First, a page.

By Josette Keelor - email@example.com
FRONT ROYAL - It was a matter of being in the right place at the right time that led Christopher Shannon to write his latest book, "Bowery to Broadway: The American Irish in Classic Hollywood Cinema" (University of Scranton Press). The associate professor of history at Christendom College in Front Royal has written books before, but nothing like this.
"I never studied film in any extensive way," he said recently of his days working at the George Eastman House museum in Rochester, New York. A University of Rochester graduate, Shannon stumbled upon the wealth of information the film archives had about classic Hollywood cinema. "I just started watching the films in the archive when I could."
Before long, he realized a link he believed that other writers had not yet pursued, examining the way in which Irish-Americans were portrayed in films of the '30s and '40s.
Beginning in the Great Depression, many Irish-Americans had begun to rethink the American dream when they realized the pursuit of fame and fortune had left them with little in the way of happiness. They fell back on the community around them that shared their common culture and found that maintaining the past was more important than changing the future.
"I started to discern a story here," Shannon said. "There's something more going on, there's a story of community."
The idea of community was a central theme to movies of the genre, he said. The Irish-American culture was dependent on the physical proximity of one family to another. Neighbors watched out for one another; children in every family grew up together. Even families at war with each other could bond over the common factor of their shared culture, often tossing aside their differences in the name of community welfare.
"It's not who you are, it's where you are," Shannon said of the mentality of identity.
These societal elements can be seen in movies as varied as "The Public Enemy," "Angels with Dirty Faces," "Going My Way" and "Yankee Doodle Dandy," says a news release from the public relations office at Christendom College.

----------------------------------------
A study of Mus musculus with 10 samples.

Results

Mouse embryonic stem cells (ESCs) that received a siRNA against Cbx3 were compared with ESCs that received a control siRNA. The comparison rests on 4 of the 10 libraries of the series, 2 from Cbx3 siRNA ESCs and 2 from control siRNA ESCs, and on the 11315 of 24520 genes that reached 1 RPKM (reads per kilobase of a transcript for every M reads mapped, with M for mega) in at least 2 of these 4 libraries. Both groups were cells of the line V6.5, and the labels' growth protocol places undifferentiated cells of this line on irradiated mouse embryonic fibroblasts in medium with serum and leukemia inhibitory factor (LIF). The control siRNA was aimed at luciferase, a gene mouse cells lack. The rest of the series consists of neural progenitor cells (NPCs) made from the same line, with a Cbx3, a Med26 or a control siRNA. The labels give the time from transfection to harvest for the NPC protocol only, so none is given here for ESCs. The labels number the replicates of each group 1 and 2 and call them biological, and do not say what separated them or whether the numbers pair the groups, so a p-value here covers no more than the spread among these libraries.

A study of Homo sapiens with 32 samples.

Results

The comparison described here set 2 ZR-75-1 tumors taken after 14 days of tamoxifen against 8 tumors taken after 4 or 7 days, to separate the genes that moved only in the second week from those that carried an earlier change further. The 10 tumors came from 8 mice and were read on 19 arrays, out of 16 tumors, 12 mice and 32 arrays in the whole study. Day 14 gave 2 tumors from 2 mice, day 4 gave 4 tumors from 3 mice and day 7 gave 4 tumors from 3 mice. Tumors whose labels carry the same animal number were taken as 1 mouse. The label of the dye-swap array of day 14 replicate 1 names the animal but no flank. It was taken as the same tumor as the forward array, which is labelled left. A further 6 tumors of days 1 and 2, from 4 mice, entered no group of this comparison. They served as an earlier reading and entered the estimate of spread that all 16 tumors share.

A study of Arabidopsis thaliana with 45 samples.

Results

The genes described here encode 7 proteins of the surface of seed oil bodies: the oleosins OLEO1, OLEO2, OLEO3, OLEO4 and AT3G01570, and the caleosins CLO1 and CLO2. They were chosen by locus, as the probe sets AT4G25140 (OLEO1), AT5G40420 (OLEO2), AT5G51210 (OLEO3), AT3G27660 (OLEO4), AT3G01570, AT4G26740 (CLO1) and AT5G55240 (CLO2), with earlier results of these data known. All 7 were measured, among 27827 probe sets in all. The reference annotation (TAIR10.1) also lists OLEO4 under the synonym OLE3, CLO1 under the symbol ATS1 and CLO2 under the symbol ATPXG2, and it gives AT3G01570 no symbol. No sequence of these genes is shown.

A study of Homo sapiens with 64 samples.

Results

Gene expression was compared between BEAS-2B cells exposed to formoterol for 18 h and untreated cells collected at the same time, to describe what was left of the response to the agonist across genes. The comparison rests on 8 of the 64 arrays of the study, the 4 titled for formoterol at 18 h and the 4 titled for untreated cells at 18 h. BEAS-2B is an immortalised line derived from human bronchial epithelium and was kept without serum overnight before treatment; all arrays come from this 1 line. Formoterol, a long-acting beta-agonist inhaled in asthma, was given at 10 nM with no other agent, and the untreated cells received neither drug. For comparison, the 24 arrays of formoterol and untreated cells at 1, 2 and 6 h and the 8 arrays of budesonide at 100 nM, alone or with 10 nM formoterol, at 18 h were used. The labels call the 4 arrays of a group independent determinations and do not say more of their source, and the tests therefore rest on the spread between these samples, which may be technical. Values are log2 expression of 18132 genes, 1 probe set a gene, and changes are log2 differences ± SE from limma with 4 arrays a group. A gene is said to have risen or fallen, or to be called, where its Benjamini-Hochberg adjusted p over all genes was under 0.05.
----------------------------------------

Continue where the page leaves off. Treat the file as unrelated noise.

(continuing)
The movies, whether they portray gangsters, boxers or priests, are about "normal people trying to survive," -- what sociologists call the urban village, he said.
Also of Irish descent, Shannon felt himself drawn to the back story of the movies of Spencer Tracy, Bing Crosby, Errol Flynn, Pat O'Brien and Maureen O'Hara, among many others.
"There hadn't readily been that much written about Irish-Americans in film," he said, so he studied what he could find and, over a few years, wrote about them himself.
He published the book to illustrate not only something he felt other writers had failed to pinpoint but also to convey to the public the importance of community in everyone's life.
Something that today's American culture sorely lacks, he said, is a sense of community. Promotion of the individual has generally been more important than the prosperity of the community -- a mindset he said relates back to the fundamental truth of the American dream.
"People have lost an appreciation for their rootedness in place," he said.
The movies he discusses in his book reiterate the idea that when people leave their community or abandon their culture in pursuit of personal success, everyone ultimately suffers, he said.
"Families are great, but families cannot do it alone," he said. "[Communities] in which families can sustain across generations" are the ones that succeed. "I think all Americans have suffered because of [the loss of] that."
The title of his book refers to the Dutch word "bowery," which means, basically, "the poor-man's Broadway," he said. It was the entertainment center of the New York poor, the most urban part of New York City, he said.
Even though the book focuses on movies that were made more than 60 years ago, Shannon believes that his readers will be able to relate to the ideas expressed throughout.
Many films today still relate back to the basic ideas of community welfare, he said, such as 2006's "The Departed," which depicts the Irish Mafia in the ghettos of Boston -- "a world where people are thickly connected," he said.
He has become interested in how modern writers have returned to that place in America's past to continue portraying similar ideas. It is difficult for them to feature current societies like the ones before them "because the Irish in a way assimilated," he said. They, like many others, now honor the American culture, which promotes a combining of traditions instead of preservation of individual cultures.
After the 1940s ended, Hollywood, too, moved away from the themes that removed focus from commercial and financial prosperity.
"Bowery to Broadway: The American Irish in Classic Hollywood Cinema," now available on Amazon.com and Borders.com, was released in March in time for St. Patrick's Day.
"I'm no dummy," Shannon said, laughing.
He plans to hold book signings in the near future at local bookstores.